Study Says Republicans Aren’t Taking Social Distancing Seriously

A year ago, I would have said that even in these polarized times there were some things that would remain nonpartisan. A major pandemic, for example. It’s not as if there’s a liberal ideology vs. a conservative ideology when it comes to defeating a virus.

Time has proven me very, very wrong, of course. These days, conservative ideology is whatever Donald Trump says it is, and since he downplayed the seriousness of COVID-19 early on, the rest of the conservative movement has downplayed it too. As a result, Democrats and Republicans are hearing different messages about just how important social distancing and other countermeasures are. A new study quantifies this:

Our empirical results show that partisan gaps in beliefs and behavior are real. GPS evidence reveals large partisan gaps in actual social distancing behaviors. Survey evidence shows substantial gaps between Republicans and Democrats in beliefs about severity and the importance of social distancing. The raw partisan differences partly reflect the fact that Democrats are more likely to live in the dense, urban areas hardest hit by the crisis, and to be subject to policy restrictions—in other words, to face stronger individual incentives for social distancing. Even after controlling carefully for such factors, however, the partisan gaps remain statistically and economically significant. While our evidence does not permit us to conclusively pin down the ultimate causesof partisan divergence, the patterns are consistent with the messaging from politicians and media having played an important role.

The study includes charts showing exactly how big the difference is between Democrats and Republicans, but you can see it more dramatically in a pair of maps. The top map, based on GPS data, shows how much social distancing has changed since January. Blue means it’s changed a lot; red means it hasn’t changed much.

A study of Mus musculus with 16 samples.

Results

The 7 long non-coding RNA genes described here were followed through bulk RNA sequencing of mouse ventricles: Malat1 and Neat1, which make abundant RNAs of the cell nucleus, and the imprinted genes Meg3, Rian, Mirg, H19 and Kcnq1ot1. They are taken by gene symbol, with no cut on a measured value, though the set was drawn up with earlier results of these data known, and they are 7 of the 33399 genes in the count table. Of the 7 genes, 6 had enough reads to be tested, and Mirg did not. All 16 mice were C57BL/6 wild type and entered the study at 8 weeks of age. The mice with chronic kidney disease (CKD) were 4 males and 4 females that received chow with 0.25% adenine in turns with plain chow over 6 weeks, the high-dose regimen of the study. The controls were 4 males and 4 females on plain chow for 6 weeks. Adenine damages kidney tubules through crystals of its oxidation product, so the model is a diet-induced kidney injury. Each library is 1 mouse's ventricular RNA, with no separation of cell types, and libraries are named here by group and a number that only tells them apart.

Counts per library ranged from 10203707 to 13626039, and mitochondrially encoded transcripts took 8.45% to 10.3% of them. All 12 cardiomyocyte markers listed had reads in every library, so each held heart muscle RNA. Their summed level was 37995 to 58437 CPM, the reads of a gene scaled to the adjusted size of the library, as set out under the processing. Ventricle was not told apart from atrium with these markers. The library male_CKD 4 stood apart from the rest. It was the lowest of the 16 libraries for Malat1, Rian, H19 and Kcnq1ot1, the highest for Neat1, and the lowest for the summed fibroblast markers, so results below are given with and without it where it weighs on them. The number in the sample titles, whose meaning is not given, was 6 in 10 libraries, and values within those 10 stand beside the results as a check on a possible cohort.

The bottom map is Republican vote share in the 2016 election. Blue represents Democrats; red represents Republicans.

They aren’t quite identical, but they’re pretty close. Trump and Fox News and Rush Limbaugh and all of Trump’s other acolytes are probably getting people killed—and it’s concentrated among the people who voted for Trump in the first place. That’s an irony, I suppose, but not one I can take much pleasure in.


You expect the big picture, and it's our job at Mother Jones to give it to you. And right now, so many of the troubles we face are the making not of a virus, but of the quest for profit, political or economic (and not just from the man in the White House who could have offered leadership and comfort but instead gave us bleach).

In "News Is Just Like Waste Management," we unpack what the coronavirus crisis has meant for journalism, including Mother Jones’, and how we can rise to the challenge. If you're able to, this is a critical moment to support our nonprofit journalism with a donation: We've scoured our budget and made the cuts we can without impairing our mission, and we hope to raise $400,000 from our community of online readers to help keep our big reporting projects going because this extraordinary pandemic-plus-election year is no time to pull back.